As incredible as it may seem, during the last five-six years Split has become one of the most popular marine hubs of the entire Mediterranean Basin. At least for what concerns those who want to grapple with the gentle art of sailing for the first time or don’t have that much experience. The reasons for this success are multiple, but there are three main factors.

  1. The increasing reputation of Croatia and its seaside towns as a summer holiday destination.
  2. The relatively low costs of accommodations like holiday villas and apartments, and boat rentals.
  3. Its geographic position is secluded in the middle of the Adriatic Sea (one of the most navigable seas of the world), and at the same time not far from the main Mediterranean destinations, like Sicily, Greece, Malta, Turkey or Egypt.

That’s why Split Boat rental and crew hiring have become – in a very short period of time – two extremely profitable businesses. And this is the same reason why an online service like SamBoat (a digital hub that allows every private ship owner to rent his/her boat to other private potential clients, without resorting to the services of an intermediary company) has been found in the Croatian city of the most “fertile grounds” of its worldwide network.

Why renting a boat in Split is the best way to explore the Mediterranean?

As we said before, Split is located in an extremely advantageous location, especially for those sailors who want to spend a couple of weeks (the average time requested for a satisfying cruise) exploring the most beautiful corners of the Mediterranean Coasts.

Whether you’re looking for remote, untouched waters, or you prefer to direct the bow of your ship towards one of the most renowned beaches, setting sail from Split helps a lot to reach almost every destination in the shortest possible time. Moreover, the ease with which the Adriatic Sea lends itself to be navigated can encourage the most inexperienced skippers, allowing them to gain self-confidence and get to know their boat better and better, before testing themselves in more “challenging” waters.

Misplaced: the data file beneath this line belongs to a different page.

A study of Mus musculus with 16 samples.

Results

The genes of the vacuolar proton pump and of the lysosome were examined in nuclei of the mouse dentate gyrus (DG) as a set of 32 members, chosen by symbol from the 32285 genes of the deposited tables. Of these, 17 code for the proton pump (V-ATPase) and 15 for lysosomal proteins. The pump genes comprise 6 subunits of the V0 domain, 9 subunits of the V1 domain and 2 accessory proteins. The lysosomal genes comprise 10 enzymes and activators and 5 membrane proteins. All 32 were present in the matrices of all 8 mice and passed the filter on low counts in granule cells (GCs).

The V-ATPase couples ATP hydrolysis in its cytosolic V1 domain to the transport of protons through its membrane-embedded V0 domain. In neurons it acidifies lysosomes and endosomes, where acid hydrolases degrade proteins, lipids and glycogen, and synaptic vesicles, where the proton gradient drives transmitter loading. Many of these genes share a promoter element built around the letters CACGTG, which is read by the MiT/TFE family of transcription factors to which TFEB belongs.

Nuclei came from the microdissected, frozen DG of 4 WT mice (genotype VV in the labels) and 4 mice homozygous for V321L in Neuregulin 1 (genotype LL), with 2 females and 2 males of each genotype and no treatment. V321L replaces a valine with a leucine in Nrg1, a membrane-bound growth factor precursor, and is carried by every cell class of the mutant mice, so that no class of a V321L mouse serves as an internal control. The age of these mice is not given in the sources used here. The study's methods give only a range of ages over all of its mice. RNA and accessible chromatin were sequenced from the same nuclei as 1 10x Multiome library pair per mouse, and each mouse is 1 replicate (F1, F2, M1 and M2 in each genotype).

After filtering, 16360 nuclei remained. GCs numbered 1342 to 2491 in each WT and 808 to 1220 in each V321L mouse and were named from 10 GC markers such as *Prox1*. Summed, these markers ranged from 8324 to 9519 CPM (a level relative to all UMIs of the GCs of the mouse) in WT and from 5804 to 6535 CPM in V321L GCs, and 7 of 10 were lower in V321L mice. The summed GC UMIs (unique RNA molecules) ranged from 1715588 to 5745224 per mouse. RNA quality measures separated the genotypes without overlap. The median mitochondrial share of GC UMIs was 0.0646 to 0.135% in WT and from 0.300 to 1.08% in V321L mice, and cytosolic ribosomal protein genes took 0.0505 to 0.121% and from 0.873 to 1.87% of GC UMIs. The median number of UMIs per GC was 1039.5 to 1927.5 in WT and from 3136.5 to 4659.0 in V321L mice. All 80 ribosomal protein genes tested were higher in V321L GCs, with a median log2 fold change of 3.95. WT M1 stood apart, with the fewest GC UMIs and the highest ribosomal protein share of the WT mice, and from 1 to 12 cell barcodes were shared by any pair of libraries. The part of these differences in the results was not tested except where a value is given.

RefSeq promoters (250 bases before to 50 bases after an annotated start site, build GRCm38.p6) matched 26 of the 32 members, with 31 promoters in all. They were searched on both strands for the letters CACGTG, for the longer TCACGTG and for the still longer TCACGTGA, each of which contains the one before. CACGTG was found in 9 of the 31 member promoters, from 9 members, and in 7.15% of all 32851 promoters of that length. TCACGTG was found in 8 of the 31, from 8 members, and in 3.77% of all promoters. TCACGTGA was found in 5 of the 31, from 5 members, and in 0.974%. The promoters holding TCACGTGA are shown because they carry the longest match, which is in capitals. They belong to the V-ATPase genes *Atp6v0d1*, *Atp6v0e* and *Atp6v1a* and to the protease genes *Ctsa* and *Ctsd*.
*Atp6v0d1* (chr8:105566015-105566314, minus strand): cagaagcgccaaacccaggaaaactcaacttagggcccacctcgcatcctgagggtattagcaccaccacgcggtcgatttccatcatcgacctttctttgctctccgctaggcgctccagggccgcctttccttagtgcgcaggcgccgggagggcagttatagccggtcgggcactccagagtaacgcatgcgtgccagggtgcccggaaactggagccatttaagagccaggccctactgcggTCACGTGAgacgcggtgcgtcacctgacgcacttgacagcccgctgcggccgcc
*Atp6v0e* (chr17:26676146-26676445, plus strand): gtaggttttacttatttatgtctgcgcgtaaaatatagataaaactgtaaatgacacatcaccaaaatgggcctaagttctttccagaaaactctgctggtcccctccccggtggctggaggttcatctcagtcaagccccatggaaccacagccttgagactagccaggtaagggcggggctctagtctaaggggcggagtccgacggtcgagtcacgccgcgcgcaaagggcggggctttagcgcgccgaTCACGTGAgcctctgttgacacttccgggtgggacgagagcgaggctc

Where to Sail With a Boat in Split

If you’re not familiar with the Mediterranean Area, or you just can’t decide where to go because of the excess of options, it is perfectly understandable. Despite its relatively small dimensions, the Mediterranean Sea is packed with places of historical, archeological, or even merely touristic interest.

Once known – and still renowned – as “the cradle of civilization”, in the eras prior to America’s discovery the Mediterranean was the only channel able to put different cultures and civilizations in contact. The sea traffic along its waters was already incredibly intense 3.000 years ago. That’s why several cultures’ vestige is scattered along its coasts.

In other words, it’s perfectly normal if some of you need a guide to sail these waters with a minimum criterion. If you take Split as your starting harbor, here are three interesting – and not so common – sea itineraries.

1. The Maritime Republics’ route 

Between the 9th and the 16th Centuries, a bunch of maritime cities located around the Italian Peninsula (with the only exception of Dubrovnik, currently included in the Croatian territory and once known as Ragusa) became particularly powerful and economically crucial inside the Mediterranean map, thanks to their intense sea trade activities.

Watch this clip to get a glimpse of the history of this route:

Starting from Split, you can trace your route all the way up to Venice, then turn south and coast the Italian shores until Ancona, before getting to the above-mentioned Dubrovnik. Then you have to proceed south of Salento and Calabria, going north along Sicily’s eastern shores and trespassing the Strait of Messina.

You will find yourself in the Tyrrhenian Sea, precisely on the Amalfi Coast: and Amalfi is precisely your next stop. Continuing northwards, you will meet the last four destinations: Gaeta, Pisa, Genoa, and Noli.

2. The Oriental route

This is probably the easiest and, at the same time, the most suggestive route to follow. You must go south-east, circumnavigate the Greek Peninsula (or, as an alternative, trace a route among its islands) and head south-east again, to Cyprus. Then you just have to coast the southern shores of Turkey: Mersin and Alexandretta are the most important destinations. Your trip will end in Israel, preferably inside the stunning port of Tel Aviv.

Sea Itineraries To The Mediterranean
Tel Aviv. Photo by Shai Pal on

3. The Atlantic route

This is the most adventurous one, recommended especially to the very experienced sailors. Once headed south, you should go west and keep your navigation in the open sea, far from any shore. You should stop only in Malta and the Balearic Islands, before trespassing the Strait of Gibraltar and challenge yourself with the ocean’s waters: south-west, you may head to the Canaries; north-west, you could push yourself up till the Azores.

Well, if you do end up sailing on one of these wonderful Sea Itineraries From Split To The Mediterranean – do share your adventures with us here in the comments!